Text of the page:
By Beryl Kessio
Rabat – UN climate change negotiations will take place in Marrakech at the 22nd Conference of the Parties to the United Nations Framework Convention on Climate Change (COP22) from November 7 to 18.
This conference is a follow up to the December 2015 conference that produced the Paris Agreement, an agreement that promotes increased sustainability practices that will pave the way for a low carbon future. Specifically, it aims to curb global temperature rise to well below 2 degrees Celsius, while striving for 1.5 degrees Celsius above preindustrial levels.
The pact will be enforced 30 days after at least 55 countries, accounting for 55 per cent of global greenhouse gas emissions, deposit their instruments of ratification or acceptance to the United Nations. Currently, 61 countries have submitted their instruments of ratification, accounting for 47.79 percent of global greenhouse gas emissions.
U.N. Secretary-General Ban Ki-moon, who has made climate change a top priority during his tenure, called on world leaders to bring the agreement into force by the year’s end at U.N. headquarters last week.
“I am confident that, by the time I leave office, the Paris Agreement will have entered into force,” he said. “This will be a major achievement for multilateralism.”
“When this year ends, I hope we can all look back with pride, knowing that, together, we seized the opportunity to act for the common good, for a sustainable future and the protection of our common home,” the U.N. chief added.
The Paris Agreement has drawn criticism from policymakers and environmentalists for not being a legally binding agreement. There are no sanctions for countries who don’t reduce pollution or enact economic policies to meet the goals of the agreement. Nations are only required to convene at global climate change summits, report how they are going to implement their targets while tracking progress towards the long-term goal through a transparent system.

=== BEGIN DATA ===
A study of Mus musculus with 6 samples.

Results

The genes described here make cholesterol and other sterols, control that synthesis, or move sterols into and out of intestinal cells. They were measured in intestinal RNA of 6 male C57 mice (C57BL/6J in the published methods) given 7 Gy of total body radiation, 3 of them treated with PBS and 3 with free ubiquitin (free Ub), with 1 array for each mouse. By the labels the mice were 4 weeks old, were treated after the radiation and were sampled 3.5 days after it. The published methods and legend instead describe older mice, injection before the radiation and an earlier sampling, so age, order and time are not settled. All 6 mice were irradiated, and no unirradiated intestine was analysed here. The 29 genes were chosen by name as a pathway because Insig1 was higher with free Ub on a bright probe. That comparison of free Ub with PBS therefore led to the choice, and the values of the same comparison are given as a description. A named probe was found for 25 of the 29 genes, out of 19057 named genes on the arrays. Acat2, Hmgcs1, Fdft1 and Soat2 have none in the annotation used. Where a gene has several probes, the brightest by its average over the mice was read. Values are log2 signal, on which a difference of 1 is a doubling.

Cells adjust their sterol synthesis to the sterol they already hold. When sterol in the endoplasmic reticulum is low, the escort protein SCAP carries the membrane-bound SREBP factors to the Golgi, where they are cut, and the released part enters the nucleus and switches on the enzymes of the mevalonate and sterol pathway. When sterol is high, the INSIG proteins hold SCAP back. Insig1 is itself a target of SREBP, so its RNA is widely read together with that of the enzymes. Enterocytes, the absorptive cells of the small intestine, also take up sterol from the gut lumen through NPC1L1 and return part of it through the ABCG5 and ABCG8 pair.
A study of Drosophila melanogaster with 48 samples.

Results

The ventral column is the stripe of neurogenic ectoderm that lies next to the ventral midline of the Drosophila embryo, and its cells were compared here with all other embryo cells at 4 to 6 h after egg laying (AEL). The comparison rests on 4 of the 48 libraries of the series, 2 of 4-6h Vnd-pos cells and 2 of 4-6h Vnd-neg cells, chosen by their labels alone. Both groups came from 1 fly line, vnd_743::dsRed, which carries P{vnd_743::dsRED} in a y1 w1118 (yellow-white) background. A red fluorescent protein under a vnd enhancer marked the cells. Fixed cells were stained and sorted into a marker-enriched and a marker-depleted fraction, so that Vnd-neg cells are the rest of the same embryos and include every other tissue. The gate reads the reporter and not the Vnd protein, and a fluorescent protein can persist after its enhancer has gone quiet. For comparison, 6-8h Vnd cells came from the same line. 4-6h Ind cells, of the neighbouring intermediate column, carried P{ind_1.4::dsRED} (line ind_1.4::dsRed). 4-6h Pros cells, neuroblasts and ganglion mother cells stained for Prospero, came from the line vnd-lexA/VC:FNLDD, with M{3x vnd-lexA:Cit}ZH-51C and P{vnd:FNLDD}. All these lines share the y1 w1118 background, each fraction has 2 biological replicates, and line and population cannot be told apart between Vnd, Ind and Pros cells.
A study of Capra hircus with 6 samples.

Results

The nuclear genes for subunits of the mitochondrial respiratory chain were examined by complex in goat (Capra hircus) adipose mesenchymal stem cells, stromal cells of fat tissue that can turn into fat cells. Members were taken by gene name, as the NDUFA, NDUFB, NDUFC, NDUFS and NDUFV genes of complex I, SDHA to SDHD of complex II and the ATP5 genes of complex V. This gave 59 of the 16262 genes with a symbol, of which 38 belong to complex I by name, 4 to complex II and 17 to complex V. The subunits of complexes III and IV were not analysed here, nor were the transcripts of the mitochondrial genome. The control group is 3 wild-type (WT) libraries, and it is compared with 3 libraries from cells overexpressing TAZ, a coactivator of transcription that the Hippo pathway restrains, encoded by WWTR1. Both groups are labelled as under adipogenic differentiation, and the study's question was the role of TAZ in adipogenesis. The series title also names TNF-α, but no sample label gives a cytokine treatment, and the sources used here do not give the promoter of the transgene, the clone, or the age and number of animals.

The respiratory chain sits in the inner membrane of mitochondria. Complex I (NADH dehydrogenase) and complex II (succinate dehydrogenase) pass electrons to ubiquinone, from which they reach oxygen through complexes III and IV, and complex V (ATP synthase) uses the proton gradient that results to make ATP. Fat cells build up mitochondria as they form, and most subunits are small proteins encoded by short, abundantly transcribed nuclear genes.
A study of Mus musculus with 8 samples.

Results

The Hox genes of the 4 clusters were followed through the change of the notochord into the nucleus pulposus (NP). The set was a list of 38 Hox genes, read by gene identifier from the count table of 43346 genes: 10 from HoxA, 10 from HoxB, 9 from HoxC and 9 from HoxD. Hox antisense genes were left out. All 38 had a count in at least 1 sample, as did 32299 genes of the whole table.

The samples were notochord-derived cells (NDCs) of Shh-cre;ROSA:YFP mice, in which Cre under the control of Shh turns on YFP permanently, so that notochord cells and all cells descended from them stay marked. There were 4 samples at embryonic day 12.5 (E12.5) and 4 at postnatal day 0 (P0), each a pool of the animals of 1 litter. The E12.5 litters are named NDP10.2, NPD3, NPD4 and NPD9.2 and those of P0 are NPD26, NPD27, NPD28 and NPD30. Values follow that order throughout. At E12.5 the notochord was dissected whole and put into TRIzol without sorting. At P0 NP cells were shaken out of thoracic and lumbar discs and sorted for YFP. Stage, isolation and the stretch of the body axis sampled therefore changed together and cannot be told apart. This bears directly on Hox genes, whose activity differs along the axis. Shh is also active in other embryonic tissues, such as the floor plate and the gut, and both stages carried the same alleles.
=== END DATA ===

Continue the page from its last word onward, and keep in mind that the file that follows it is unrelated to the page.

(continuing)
“The deal reached in Paris is weak, containing no concrete increase in the level of ambition to address climate change, and simply urges countries to do more over time,” Richard Chatterton, head of climate policy at Bloomberg Energy Finance, said.
At COP22 meetings, the implementation of the Paris Agreement will be a central theme. Leaders will discuss countries’ specific plans to reduce emissions. Also to be discussed is the development of accountability systems so that nations who ratified the Agreement are more inclined to abide by it.
“The leaders of the world recognize that the consequences of noncompliance are disastrous. We are looking at a wholesale transformation of our global climate,” executive director of the Sabin Center for Climate Change Law at Columbia Law School, Mike Burger said. “The main incentive here for compliance is not the threat of some civil penalty?—?non-compliance would mean environmental disaster.”